A reciprocating saw, or recip saw, is a cut-off tool most often used for demolition or other rough work. Equipped with the correct blade a recirocating saw can cut through wood, metal, and tile.
A large motor greatly speeds up the cutting speed of the saw. Demolition saws have some of the largests motors found on hand-held tools. That power is necessary to make the saw manageable during an all-day job. Small saws tend to produce excessive vibrations when they are used for rough work.
The tip of the blade of a saw equipped with this feature moves in an oval patter. This increases the cutting speed of the saw, but produces a rougher finish.
Due to the way they cut recip saws have the potential to create a lot of vibration. If you ever handled one you know that the saw can be painful to hold after a few minutes.
Some saws come equipped with an active vibration dampening mechanism. The effectiveness of this feature varies from saw to saw.
1) Choose a Motor Size
Recip saws are all about size. The small ones make fine, controlled cuts one at time. The large ones are demolition monsters that cut anything in front of them. It is important to choose a saw that fits your usage scenario.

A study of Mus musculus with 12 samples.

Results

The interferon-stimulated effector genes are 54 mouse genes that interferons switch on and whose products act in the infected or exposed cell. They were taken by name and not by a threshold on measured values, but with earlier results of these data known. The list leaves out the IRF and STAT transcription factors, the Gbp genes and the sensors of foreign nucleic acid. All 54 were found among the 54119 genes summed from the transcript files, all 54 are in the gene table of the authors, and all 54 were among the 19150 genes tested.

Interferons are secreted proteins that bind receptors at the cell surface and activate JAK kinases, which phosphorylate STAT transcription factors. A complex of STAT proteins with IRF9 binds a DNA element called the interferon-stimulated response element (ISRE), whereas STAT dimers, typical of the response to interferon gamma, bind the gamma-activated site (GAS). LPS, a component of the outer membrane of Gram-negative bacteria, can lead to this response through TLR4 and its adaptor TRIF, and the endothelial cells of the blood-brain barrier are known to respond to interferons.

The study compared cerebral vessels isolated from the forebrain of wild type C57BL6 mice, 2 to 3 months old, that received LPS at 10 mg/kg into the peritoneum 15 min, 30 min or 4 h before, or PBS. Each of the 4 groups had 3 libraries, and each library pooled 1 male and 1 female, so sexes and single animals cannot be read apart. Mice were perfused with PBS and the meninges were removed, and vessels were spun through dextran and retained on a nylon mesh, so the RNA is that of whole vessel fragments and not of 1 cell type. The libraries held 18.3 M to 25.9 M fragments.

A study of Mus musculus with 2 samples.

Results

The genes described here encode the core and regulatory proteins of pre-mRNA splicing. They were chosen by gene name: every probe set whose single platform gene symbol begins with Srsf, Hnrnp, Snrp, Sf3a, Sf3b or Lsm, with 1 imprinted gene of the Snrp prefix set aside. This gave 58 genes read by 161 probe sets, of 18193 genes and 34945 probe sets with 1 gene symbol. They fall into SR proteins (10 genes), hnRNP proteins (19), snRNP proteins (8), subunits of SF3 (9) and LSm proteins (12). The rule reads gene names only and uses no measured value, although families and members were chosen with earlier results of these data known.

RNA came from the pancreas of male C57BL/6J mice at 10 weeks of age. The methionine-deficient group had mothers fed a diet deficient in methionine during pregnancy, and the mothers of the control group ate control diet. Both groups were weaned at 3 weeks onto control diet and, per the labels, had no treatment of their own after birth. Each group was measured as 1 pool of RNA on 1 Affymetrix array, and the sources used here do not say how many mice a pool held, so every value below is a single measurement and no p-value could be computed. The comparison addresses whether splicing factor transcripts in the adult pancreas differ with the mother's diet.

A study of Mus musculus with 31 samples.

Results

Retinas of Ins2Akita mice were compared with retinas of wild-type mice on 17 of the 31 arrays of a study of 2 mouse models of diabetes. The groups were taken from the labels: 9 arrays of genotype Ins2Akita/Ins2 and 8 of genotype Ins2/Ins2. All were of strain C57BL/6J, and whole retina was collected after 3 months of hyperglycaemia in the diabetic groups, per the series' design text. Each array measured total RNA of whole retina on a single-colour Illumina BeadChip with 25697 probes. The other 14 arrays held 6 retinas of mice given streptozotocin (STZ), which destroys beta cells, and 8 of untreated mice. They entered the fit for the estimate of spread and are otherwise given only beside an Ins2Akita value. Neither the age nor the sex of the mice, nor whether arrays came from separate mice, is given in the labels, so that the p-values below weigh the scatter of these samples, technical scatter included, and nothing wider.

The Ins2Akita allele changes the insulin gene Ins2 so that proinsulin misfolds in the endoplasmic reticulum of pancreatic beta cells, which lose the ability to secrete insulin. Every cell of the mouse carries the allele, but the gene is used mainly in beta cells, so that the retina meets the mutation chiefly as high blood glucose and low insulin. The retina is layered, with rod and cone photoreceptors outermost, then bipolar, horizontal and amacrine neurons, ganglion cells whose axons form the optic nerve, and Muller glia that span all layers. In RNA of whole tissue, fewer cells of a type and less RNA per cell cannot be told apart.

If you do primarily demolition work, a large recip saw is the better choice. The mass of the tool dampens vibrations more efficiently. Smaller saws, on the other hand, are much easier to use.
The motor size indirectly selects the size of the saw.
2) Choose a Stroke Length
A saw with a longer stroke is going to cut faster. More teeth make contact with the workpiece with each stroke. This effect is very pronounced. The leaders in this category can cut up to twice as fast as the laggards.
A longer stroke usually leads to more vibration and less control. A medium stroke is the better choice for situations where a fine cut is required. Plumbers usually prefer a saw with a 3/4" stroke.
Oribital motion further increases the cutting speed of the saw.